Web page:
Housing approved for former MoD site in Gloucestershire
By Laura Enfield | 5th May 2023
The green light has been given to plans to transform the Old Hempstead Fuel Depot in Gloucester into 70 homes.
The site has sat empty for years and has a long planning history dating back to 2007 with various plans for up to 152 homes withdrawn and refused.
The latest proposal by Worcester homebuilder Lioncourt Homes reduced the number of homes from 117 to 70 but was still opposed by residents over fears it would turn Honeythorn Close into a rat run.
The council received 12 letters of objection with worries raised about anti-social behaviour and burglary, an increased risk of an accident and crime on the road, parking problems and an increase in dog fouling.
However, officers recommended the application for approval and councillors agreed- giving the nod for the former Ministry of Defence site to be razed to the ground and a development named Priory Meadows built.
It will contain a mix of detached, semi-detached and terraced houses, apartments, maisonettes and bungalows providing nine one-beds, 15 two-bed, 27 three-bed, 15 four-bed and four five-bed homes as well as three self-build plots.
A fifth of the homes will be affordable and the estate will have a vehicular access onto Hempsted Lane.
The site neighbours the Hempsted Conservation Area and is located within the setting of the Grade II listed Newark House. It was constructed in 1830 on the remains of an earlier 17th Century house and Llanthony Priory Grange. Protected monument St Margaret's Well is also nearby.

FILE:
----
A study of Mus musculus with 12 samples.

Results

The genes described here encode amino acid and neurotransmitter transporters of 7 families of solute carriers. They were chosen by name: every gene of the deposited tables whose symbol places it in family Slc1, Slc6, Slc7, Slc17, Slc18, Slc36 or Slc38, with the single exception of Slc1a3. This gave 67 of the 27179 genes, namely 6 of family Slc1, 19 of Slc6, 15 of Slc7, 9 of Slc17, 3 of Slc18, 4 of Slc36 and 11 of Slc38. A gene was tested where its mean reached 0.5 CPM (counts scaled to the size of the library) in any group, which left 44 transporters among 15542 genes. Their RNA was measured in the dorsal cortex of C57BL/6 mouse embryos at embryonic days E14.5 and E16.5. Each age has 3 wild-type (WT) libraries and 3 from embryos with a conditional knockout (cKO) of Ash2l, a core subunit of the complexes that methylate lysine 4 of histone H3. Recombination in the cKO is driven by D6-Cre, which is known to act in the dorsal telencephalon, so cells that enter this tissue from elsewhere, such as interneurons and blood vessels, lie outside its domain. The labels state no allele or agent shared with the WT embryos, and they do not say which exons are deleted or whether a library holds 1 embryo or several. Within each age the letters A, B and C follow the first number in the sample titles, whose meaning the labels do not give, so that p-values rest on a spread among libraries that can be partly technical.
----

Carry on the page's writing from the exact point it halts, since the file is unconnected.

Council officers said Lioncourt has "comprehensively revised" its design to make the scheme acceptable to the council's conservation officer and the impact on the setting of the historic sites has been mitigated by the proposed planting and the design quality of the development.
In its planning statement Lioncourt Homes said: "The proposals would enable a redundant brownfield site to be re-established, and create a sustainable development within an accessible urban area."
The plans were approved at a meeting of Gloucester City Council development control committee on May 2 but amended to prevent pedestrian access onto Honeythorn Close.